Setting expectations for research teams
There are areas of your project where you should provide clear leadership and set expectations for your team. Where appropriate you should involve the team in decision-making; this helps build a sense of participation and commitment.
- Working arrangements - this can include expected office (or lab) hours and the flexibility of such arrangements
- Your availability - if you find yourself frequently away from your research team for extended periods they need to know your plans in advance. Be clear as to how often you will be available for consultation and how you can be reached
- Division of responsibilities - make sure every individual knows not only their own responsibilities but where responsibility lies for all other parts of the project and how their work fits into the team
- Lines of communication - everyone should be clear about who to ask about what issue(s) and how information will come to them
- Monitoring and reporting arrangements - researchers need to know when they will need to report, to whom and how results will be measured
- Standards of work - all should be aware of the quality and consistency that you expect from your team
- Ethics - each member of your team should understand how they should approach their work, especially where there are ethical sensitivities
- Deadlines - make sure it is clear when each part of the project needs to be finished and not just the final deadline.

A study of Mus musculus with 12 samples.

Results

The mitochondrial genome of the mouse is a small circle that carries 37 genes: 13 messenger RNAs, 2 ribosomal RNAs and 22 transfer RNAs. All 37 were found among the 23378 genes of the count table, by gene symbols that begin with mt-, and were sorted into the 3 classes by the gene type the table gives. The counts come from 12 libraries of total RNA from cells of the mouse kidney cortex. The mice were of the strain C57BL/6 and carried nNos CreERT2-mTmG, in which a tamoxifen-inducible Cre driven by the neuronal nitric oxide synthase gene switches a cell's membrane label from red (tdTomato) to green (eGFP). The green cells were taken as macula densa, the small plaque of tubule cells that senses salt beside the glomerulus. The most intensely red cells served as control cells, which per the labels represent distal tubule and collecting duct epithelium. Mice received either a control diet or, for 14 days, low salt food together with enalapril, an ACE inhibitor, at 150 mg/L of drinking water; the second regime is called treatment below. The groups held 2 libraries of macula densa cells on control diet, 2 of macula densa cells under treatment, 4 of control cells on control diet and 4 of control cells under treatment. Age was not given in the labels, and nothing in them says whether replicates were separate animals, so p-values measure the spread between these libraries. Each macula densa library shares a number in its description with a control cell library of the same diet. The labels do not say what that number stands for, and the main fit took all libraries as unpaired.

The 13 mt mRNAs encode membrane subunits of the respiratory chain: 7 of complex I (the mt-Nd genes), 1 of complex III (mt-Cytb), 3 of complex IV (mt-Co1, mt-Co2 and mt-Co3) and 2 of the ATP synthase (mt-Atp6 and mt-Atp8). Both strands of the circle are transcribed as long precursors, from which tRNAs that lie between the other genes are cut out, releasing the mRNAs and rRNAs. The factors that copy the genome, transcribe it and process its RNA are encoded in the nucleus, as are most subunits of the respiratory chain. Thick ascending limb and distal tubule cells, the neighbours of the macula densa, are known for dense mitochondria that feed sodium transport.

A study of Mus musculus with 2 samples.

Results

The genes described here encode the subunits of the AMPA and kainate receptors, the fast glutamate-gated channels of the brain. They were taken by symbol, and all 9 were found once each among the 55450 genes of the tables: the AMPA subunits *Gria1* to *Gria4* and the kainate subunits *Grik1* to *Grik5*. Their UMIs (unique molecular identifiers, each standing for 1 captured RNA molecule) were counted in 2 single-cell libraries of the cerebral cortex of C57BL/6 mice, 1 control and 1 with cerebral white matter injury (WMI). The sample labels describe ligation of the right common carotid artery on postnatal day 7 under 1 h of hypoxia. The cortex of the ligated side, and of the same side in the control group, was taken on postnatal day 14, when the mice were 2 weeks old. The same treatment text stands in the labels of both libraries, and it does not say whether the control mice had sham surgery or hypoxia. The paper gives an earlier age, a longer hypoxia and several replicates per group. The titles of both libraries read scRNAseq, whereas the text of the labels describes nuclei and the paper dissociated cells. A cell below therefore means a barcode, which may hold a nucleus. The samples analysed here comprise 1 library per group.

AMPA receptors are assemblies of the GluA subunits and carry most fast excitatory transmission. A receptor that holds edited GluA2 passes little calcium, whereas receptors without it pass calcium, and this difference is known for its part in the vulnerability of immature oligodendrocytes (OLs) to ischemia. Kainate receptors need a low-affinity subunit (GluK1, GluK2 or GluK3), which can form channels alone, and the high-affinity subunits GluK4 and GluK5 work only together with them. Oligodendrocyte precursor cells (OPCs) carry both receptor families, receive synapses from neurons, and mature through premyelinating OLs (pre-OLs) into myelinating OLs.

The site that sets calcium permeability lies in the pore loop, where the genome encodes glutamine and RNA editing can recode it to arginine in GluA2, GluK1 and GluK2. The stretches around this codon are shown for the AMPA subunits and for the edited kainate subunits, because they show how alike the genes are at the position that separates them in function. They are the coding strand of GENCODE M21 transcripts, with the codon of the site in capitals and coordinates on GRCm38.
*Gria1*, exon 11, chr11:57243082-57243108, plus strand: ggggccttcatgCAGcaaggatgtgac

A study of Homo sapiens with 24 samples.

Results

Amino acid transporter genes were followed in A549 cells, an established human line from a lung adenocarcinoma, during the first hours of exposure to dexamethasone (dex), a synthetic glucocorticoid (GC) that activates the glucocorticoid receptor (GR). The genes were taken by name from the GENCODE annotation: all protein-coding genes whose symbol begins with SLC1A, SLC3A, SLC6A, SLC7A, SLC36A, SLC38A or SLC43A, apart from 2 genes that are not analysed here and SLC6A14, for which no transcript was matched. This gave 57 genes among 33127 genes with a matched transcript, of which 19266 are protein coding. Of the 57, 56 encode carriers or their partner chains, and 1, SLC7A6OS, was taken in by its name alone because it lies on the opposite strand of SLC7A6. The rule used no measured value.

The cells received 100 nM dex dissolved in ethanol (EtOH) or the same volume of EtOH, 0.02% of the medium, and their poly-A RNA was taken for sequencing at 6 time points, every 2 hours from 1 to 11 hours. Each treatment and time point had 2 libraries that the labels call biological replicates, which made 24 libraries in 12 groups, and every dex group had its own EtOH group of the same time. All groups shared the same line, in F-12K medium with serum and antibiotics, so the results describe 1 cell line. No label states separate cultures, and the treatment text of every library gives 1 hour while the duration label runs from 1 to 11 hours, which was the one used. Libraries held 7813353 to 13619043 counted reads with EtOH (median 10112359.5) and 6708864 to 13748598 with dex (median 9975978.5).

When setting expectations make sure you:
- communicate early, clearly and often - make sure that from the outset of a project everyone involved has a clear picture of what you as a team are trying to achieve and how you expect them to approach the task. Don't assume knowledge or that people will work the way you do; it is better to explain what is obvious than to risk misunderstandings
- maintain two-way communication - establishing expectations works best as a dialogue. In this way you can ensure your researchers accept and understand what you are asking of them and help them develop a sense of ownership over the project. You will also want to understand what their expectations of you are
- be realistic - there are few things more detrimental to a researcher's performance that being burdened with unrealistic expectations, whether the complexity of the task assigned to them or the time-frame available for it to be completed. Make sure you have a clear picture of the capabilities of your team before setting expectations. You may also be required to manage the expectations that others have of your researchers and intervene if you fear requests from elsewhere in your institution or outside are burdening your team with too many responsibilities
- be prepared to be flexible - things change; either through experience or a change in circumstances, expectations that were reasonable at the start of a project may no longer be reasonable later on. The job of a manager is to realise this and adjust accordingly. Once again, if expectations change, make sure you communicate this to everyone involved.